Life is a mixed up mess of all the decisions we’ve made. At times it is a beautiful mess that we wouldn’t have any other way. Other times we wish things could have turned out differently. Whatever we focus on in this regard will help us to form habits, sometimes without meaning to. Some good and some not so good.
Right now I’m still working to sort out the best routine for sleeping and waking up. I know my days are more productive if I get up at 8am or before and start out with some exercise, reading the bible, and putting some writing down in paper. Yet, my body prefers being awake when it’s dark and quiet, later at night. So I get stuck into deep work when I would actually be better off slowing down my thought processes, calming down my spirit, and drifting off to sleep.
I love writing – bear with me, this is related – and spend as much time as I can doing it. I am fortunate my work involves writing a fair few emails, and even a little bit of document editing, because even these types of writing are interesting to me. As I’ve said a few times on my blog, working a full time job, 40 hours a week plus travel time to and from the office, takes a fair amount of time and energy. Other projects, like this blog, writing my short stories and books, writing poetry, creating and recording music, staying fit and healthy, these I have to fit around my work hours. What this has meant lately is burning the candle at both ends. Getting up early enough to make it to work, then staying up later to progress my writing or music making.
This is not a sustainable practice. I am surviving at the moment because I am actively choosing to sleep longer on a Saturday morning to give my body and mind a chance to recover. This is helpful, but my subconscious mind creeps forward and complains that I’ve wasted the day when I sleep in, even after weeks I’ve been super productive and the rest will help me continue that.
There are decision points that we come to every day. Big decisions for me are getting up and going to bed. Recently I have been snoozing my alarm and getting up ten to fifteen minutes later than I plan to. Now, my mornings before work currently consist of getting up, having a drink of water, retrieving my lunch from the fridge, and walking or the door. Don’t fret, I eat breakfast when I get to work. What I want the majority of my mornings to look like is what I said earlier in this post: get up, breathe, exercise, drink water, read the bible, shower, write, head to work. This will require commitment to go to sleep earlier and get out of bed as soon as my alarm goes off. Hopefully I will eventually wake up without needing an alarm. I can dream can’t I?
What I need to do to make this happen is go to bed. When my body yawns, or I find myself knowing it’s bed time: just go to bed. Thankfully my mind and body tell me this. Unfortunately I have been making the same mistake over and over again and suppressing these thoughts. Tomorrow will arrive, and whatever ‘urgent’ thing I’m doing late at night can be done the next day.
I ask you to keep me honest when it comes to this. Check in with a comment when I make a post. Have I been taking action? Or have I made yet another show of words I haven’t followed? Talk is cheap, unless it is followed by productive action.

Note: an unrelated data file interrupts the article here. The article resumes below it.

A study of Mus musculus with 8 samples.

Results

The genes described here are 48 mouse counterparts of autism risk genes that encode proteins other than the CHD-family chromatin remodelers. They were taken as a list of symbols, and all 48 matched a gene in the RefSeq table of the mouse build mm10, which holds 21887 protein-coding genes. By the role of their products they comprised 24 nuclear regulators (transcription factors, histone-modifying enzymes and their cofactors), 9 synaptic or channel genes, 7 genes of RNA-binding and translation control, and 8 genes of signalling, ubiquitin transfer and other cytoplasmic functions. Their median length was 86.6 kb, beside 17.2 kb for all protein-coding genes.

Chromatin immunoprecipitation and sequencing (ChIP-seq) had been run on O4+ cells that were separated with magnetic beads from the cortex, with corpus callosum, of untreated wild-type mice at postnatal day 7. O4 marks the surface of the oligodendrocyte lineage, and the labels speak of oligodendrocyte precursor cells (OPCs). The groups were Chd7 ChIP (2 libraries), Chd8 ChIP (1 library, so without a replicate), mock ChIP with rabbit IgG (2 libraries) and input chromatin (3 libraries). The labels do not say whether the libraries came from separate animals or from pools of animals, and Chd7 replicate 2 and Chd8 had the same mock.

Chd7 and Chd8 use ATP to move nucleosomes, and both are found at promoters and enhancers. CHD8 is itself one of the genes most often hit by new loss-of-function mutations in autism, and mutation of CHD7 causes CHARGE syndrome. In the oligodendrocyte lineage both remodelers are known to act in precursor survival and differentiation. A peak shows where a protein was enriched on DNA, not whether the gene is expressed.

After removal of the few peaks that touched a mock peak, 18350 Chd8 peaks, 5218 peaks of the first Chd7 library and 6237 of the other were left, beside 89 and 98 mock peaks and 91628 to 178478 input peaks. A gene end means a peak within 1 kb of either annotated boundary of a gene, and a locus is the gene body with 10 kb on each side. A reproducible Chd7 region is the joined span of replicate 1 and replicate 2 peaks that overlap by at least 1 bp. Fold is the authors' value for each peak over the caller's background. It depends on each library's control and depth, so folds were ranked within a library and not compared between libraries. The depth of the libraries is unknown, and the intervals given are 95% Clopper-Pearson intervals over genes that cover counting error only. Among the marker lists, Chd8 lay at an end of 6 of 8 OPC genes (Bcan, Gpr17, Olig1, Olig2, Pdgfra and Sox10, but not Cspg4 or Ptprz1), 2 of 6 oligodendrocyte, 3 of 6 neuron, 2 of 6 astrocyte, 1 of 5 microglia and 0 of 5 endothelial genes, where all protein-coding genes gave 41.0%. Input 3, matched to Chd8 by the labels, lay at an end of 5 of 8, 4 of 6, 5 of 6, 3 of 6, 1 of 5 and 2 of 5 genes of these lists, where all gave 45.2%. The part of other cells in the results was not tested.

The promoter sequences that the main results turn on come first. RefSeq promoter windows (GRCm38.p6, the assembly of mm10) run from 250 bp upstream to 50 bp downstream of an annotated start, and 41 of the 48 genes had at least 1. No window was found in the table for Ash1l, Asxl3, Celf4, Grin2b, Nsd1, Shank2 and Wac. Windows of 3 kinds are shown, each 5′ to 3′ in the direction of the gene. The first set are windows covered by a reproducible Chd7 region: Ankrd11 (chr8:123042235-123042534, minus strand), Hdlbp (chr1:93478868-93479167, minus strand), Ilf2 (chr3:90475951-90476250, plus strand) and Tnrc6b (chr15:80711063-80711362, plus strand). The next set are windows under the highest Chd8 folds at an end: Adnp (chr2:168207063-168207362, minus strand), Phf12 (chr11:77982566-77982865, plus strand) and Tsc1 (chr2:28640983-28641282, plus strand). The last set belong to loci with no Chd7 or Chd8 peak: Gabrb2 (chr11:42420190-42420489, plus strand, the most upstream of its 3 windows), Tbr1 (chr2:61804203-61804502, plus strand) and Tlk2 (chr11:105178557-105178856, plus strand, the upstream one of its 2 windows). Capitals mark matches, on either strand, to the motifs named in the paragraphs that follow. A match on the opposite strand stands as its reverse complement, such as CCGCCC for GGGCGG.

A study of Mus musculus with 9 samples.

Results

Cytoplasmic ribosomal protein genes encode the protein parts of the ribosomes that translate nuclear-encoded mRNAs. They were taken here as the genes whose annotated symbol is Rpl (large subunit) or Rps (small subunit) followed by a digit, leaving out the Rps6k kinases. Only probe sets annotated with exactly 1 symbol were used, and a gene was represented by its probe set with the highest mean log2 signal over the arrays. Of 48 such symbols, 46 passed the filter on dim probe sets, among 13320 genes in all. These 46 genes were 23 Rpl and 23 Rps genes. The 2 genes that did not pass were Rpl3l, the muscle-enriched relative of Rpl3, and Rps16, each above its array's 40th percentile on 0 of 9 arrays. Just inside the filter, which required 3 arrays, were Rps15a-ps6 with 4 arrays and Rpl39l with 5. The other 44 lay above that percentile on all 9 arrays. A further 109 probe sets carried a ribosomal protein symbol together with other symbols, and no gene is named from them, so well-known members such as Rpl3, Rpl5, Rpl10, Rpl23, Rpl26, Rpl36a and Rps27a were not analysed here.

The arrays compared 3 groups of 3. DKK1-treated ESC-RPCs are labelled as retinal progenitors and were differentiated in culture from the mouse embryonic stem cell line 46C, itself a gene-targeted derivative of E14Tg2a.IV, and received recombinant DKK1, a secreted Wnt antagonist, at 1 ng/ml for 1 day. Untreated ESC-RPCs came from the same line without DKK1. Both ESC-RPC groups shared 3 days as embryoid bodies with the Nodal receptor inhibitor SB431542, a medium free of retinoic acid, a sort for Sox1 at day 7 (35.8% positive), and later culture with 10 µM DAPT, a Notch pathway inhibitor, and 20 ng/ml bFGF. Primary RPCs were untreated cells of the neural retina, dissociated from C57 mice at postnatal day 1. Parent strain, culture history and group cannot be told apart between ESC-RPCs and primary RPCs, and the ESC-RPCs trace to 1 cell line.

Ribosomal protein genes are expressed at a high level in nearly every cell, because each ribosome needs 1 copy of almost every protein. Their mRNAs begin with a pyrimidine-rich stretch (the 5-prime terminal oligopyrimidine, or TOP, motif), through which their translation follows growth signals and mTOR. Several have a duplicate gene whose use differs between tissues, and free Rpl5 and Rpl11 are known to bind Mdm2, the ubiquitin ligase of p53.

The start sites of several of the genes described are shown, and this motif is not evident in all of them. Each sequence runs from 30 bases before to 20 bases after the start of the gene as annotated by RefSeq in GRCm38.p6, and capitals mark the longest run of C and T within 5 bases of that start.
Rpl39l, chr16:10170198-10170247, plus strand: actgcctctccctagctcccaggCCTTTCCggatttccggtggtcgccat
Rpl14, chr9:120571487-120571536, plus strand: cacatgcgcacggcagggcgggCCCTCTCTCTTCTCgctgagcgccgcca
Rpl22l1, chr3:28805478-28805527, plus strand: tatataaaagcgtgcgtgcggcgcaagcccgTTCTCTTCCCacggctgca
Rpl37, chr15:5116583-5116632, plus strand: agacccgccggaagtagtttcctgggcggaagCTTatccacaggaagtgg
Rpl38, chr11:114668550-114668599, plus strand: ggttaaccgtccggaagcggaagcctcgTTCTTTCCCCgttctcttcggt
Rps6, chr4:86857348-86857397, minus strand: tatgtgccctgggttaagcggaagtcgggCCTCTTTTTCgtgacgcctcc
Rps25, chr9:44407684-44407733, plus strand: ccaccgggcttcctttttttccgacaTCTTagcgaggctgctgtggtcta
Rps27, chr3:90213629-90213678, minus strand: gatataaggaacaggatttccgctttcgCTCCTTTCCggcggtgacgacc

Are there things in your life you’ve been putting off? What little lifestyle changes could you me to encourage these? How will you go about being kind to yourself if they don’t happen, yet?
Peace. Keep on keeping on, my friends.
Photo by George Becker from Pexels.
4 thoughts on “The same mistakes”
Hey Hamish – I can tell you the single best thing you can do for a good nights sleep is get up at the same time every single morning – even on the weekends! If you lose sleep that your body needs you never truly recover it – this is actually a misconception that many people have. I can highly recommend reading a book called ‘Why we sleep’ by Mathew Walker if you want to understand the science a little more. Most people – I think about 40 percent of the population – are morning types – about 30 % are evening types (me) and the other 30 % sit somewhere in between. Unfortunately the world heavily favours morning types – I’m next to useless in the mornings but really wake up in the evenings. When everyone else is relaxing this is when I get my best work done. Not ideal – I tired to fight it for a long time – to force myself to be a morning person until I read that book. Now all I do is exercise and meditate in the morning. Any work I have to do, I do after my son has gone to bed. Once I understood the type I was, I moved my daily routine to fit. I’m much more productive when I don’t force myself to be the early bird! I’ve come to accept that I catch my worms late in the evening. Of course its easy to get carried away with what you’re doing late evening and not give yourself the time to switch off so I set a time limit and make sure to have some wind down time as well. The body loves routine! Hope this helps
Though I know you can’t ‘catch up’ on sleep so to speak, getting too little over a period of days does require conscious effort to right the mistake. Hence I am glad I can wake up without an alarm on Saturdays when my body is ready to. Some weeks this is less than eight hours. Others it it closer to nine.
I have the unfortunate problem of being productive in the morning, before I fully wake and my mind has made up its mind to be stubborn, AND being productive later at night, taking into deep work really at 10pm and after. Most days this is not conducive to getting effective sleep when it’s dark!